A friend’s music selection on Spotify prompted recall of changes in my my own tastes across the years. A friend from school days once commented, “Do you know what I remembered about you? How you loved all of those soul tracks.” For me, it wasn’t a bad way for an otherwise socially awkward teenager to be remembered.
Admitting to a liking of the soul tracks has never been easy. There was a night a few years ago when having watched a Munster rugby match at Thomond Park in Limerick, I sat in Eddie Rocket’s Diner and there was an irresistible urge to use up the collective supply of 20 cent coins in the juke box. It was Candi Staton’s “Young hearts run free” that caught the eye, it predated the memories of everyone in the restaurant, except me. The single I really would have liked to have been able to play was “Disco stomp” by Hamilton Bohannon.
Hamilton Bohannon had been an important figure in my social education. At the age of 14, I had come to appreciate that most of my female contemporaries had subtly different music tastes from the spotty males in my class. While classmates might have enjoyed Status Quo and Queen, most females preferred something softer. Many of them liked love songs and ballads and, in 1975, they liked disco music. When you are plain looking and unsophisticated in experience, one way to try to find favour with some of those of the opposite sex was to have similar tastes.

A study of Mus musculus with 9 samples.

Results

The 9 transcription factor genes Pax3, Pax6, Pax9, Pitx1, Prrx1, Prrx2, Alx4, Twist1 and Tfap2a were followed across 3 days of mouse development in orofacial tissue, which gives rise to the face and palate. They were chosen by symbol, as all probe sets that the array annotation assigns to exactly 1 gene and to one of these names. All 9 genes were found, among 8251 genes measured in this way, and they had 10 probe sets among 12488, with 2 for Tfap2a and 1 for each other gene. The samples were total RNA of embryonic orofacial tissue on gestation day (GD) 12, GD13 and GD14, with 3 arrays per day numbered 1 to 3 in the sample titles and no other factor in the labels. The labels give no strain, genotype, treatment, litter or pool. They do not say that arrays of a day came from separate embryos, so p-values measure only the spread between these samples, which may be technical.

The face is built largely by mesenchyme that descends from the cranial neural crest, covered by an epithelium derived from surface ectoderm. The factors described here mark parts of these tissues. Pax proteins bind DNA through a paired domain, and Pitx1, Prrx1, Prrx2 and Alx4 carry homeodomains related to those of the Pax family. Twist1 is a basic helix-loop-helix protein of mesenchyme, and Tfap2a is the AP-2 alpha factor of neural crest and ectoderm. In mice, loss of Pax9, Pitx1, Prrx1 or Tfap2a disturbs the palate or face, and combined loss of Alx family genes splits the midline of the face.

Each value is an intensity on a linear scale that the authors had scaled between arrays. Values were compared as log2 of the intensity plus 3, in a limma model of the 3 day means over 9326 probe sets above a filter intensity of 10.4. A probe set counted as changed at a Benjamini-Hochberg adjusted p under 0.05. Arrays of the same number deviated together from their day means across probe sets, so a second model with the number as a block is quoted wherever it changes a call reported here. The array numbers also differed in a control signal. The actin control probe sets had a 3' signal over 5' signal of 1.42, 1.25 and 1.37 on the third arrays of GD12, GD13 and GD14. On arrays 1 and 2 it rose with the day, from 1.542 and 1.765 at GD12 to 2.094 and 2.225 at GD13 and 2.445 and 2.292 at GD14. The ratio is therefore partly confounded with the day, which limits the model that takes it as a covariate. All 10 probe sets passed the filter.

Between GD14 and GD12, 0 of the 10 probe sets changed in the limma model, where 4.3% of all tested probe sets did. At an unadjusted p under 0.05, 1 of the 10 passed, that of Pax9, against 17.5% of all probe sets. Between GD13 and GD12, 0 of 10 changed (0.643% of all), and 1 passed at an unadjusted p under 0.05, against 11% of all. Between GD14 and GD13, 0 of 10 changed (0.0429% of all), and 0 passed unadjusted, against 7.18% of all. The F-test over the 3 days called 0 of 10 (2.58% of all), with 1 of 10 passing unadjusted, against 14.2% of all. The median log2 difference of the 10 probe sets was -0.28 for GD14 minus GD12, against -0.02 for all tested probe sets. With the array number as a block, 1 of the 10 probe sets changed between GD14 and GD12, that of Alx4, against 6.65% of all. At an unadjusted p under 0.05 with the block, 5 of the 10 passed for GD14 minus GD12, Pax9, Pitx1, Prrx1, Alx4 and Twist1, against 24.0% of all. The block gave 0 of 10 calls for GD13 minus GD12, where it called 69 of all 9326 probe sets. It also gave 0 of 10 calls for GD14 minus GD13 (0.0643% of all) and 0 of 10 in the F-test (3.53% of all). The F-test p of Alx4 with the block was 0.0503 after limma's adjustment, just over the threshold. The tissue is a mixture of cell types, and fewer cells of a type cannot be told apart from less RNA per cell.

Hamilton Bohannon and George McCrae and Minnie Riperton and the Three Degrees and Barry White, and others too numerous to mention, became familiar names. Being able to talk about the songs meant buying the 7″ singles so as to know the words and to be able to say you had the record. While other boys were buying tracks by rock bands, I was looking for Tamla Motown. In 1976, when it appeared in the charts, I bought “Young hearts run free.”
Of course, tastes change and by 1979 the ploy no longer worked, one girl I knew was less than impressed at my being able to recall Gloria Gaynor’s disco hit “I will survive.” I moved on to The Jam and The Clash and music that was considered more serious (and which had strongly political content, to chime with being a student at the LSE). Having similar tastes to teenage girls became a thing of the past.
For years the records remained hidden away in an attic box. How could someone who had seen AC/DC play live in 1981 admit to having a secret copy of a Three Degrees single from 1975? Only when I reached the age of 40, did I decide that I could confidently admit my preferences (though I might still be careful who I told).